Tuesday, December 2, 2014


For the past few years I've been compiling a list of Shakespeare references in films and television programs. Some plays - such as Romeo And Juliet and Hamlet - are referred to often. Others, like Comedy Of Errors, are not. But here are a few references to The Comedy Of Errors.

Films With References To The Comedy Of Errors:

- Big Business  (1988) with Bette Midler, Lily Tomlin, Fred Ward, Edward Herrmann; directed by Jim Abrahams. This movie doesn’t actually contain references to The Comedy Of Errors, but was clearly inspired by the play. It features two set of twins that have been separated, and then much of the comedy revolves around mistaken identities, as no one realizes there are twins.
- The Comedy Of Terrors  (1963) with Vincent Price, Peter Lorre, Boris Karloff, Joyce Jameson, Basil Rathbone; directed by Jacques Tourneur.  The title of this horror-comedy is obviously a play on Shakespeare’s The Comedy Of Errors. (see also Macbeth)
- High School Big Shot (1958) with Tom Pittman, Virginia Aldridge, Howard Veit. The first scene after the opening credits is a classroom scene. On the blackboard behind the teacher, several of Shakespeare’s plays are listed, including The Comedy Of Errors. (see also Hamlet, Twelfth Night, As You Like It, Macbeth, Shakespeare)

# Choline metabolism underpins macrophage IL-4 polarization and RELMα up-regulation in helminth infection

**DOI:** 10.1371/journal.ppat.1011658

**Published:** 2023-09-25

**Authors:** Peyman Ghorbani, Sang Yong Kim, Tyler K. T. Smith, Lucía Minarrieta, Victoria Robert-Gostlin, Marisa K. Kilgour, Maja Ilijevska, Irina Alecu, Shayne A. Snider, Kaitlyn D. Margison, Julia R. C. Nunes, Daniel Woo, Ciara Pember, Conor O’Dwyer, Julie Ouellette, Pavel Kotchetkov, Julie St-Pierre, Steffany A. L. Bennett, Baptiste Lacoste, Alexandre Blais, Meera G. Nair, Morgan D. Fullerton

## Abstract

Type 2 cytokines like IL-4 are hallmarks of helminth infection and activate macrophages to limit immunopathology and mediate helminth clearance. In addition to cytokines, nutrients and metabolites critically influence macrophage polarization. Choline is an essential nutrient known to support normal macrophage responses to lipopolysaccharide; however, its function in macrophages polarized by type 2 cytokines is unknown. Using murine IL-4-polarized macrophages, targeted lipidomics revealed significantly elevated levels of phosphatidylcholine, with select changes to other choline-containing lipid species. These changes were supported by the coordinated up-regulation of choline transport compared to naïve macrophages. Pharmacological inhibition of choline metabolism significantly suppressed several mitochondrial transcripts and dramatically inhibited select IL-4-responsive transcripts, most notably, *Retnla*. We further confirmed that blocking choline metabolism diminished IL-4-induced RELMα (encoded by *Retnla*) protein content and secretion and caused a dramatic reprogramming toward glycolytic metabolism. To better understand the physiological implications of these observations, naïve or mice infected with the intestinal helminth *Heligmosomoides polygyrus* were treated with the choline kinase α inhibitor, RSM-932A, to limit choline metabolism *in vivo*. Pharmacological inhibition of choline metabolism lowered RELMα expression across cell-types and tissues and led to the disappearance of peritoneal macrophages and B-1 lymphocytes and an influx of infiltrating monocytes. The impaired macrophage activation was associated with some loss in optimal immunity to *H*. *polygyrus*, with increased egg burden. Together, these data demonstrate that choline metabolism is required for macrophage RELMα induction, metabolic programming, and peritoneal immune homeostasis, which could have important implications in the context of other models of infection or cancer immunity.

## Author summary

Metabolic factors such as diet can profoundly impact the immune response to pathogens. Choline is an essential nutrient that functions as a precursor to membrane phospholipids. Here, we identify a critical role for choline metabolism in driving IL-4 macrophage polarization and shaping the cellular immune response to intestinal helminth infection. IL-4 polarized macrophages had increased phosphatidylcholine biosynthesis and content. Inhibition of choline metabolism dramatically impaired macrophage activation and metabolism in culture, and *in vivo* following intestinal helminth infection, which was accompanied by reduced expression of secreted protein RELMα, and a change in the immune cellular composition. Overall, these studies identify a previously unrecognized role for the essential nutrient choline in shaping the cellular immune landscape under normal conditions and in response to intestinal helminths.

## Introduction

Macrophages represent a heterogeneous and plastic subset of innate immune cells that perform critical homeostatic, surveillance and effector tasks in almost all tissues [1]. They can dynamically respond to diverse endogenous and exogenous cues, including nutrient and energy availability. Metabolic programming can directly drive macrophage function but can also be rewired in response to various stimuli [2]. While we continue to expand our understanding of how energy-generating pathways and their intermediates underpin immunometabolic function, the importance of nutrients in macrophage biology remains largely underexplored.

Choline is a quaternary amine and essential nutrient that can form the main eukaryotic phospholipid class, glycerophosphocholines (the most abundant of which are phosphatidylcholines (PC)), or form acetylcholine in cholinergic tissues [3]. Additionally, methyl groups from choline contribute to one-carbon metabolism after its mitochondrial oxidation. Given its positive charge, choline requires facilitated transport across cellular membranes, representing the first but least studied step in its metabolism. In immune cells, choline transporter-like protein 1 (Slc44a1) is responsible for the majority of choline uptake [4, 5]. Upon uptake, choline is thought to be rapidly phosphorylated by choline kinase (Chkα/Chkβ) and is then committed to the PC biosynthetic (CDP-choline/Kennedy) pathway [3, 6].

- Mary, Mary  (1963) with Barry Nelson, Debbie Reynolds, Michael Rennie; directed by Mervyn LeRoy. Bob (Barry Nelson) tells his ex-wife Mary (Debbie Reynolds): “You should have heard my various exchanges with Winston today. No, I’m glad you didn’t. Talk about a comedy of errors.” (see also Romeo And Juliet, sonnets)

Television Programs With References To This Play:
- Hart To Hart (1979-1984) with Robert Wagner, Stefanie Powers, Lionel Stander. In the third season episode “Hartless Hobby,” a man is trying to steal a stamp worth a million dollars. His henchmen continue to fail him, and he gets frustrated and tells them, “You two are a comedy of errors and the joke’s gone stale.”
- Slings & Arrows (2003-2006) with Paul Gross, Martha Burns, Stephen Ouimette. The show's title is obviously a reference to Hamlet, and while the first season focuses on a production of Hamlet, there are many references to other plays by Shakespeare, including The Comedy Of Errors. Actually, the reference is to a play based on The Comedy Of Errors. In the show's second episode, titled, "Geoffrey's Return," there is a funeral which is held at the theatre. One of the speakers at the funeral says, "Looks a bit like Act I of The Boys From Syracuse up here."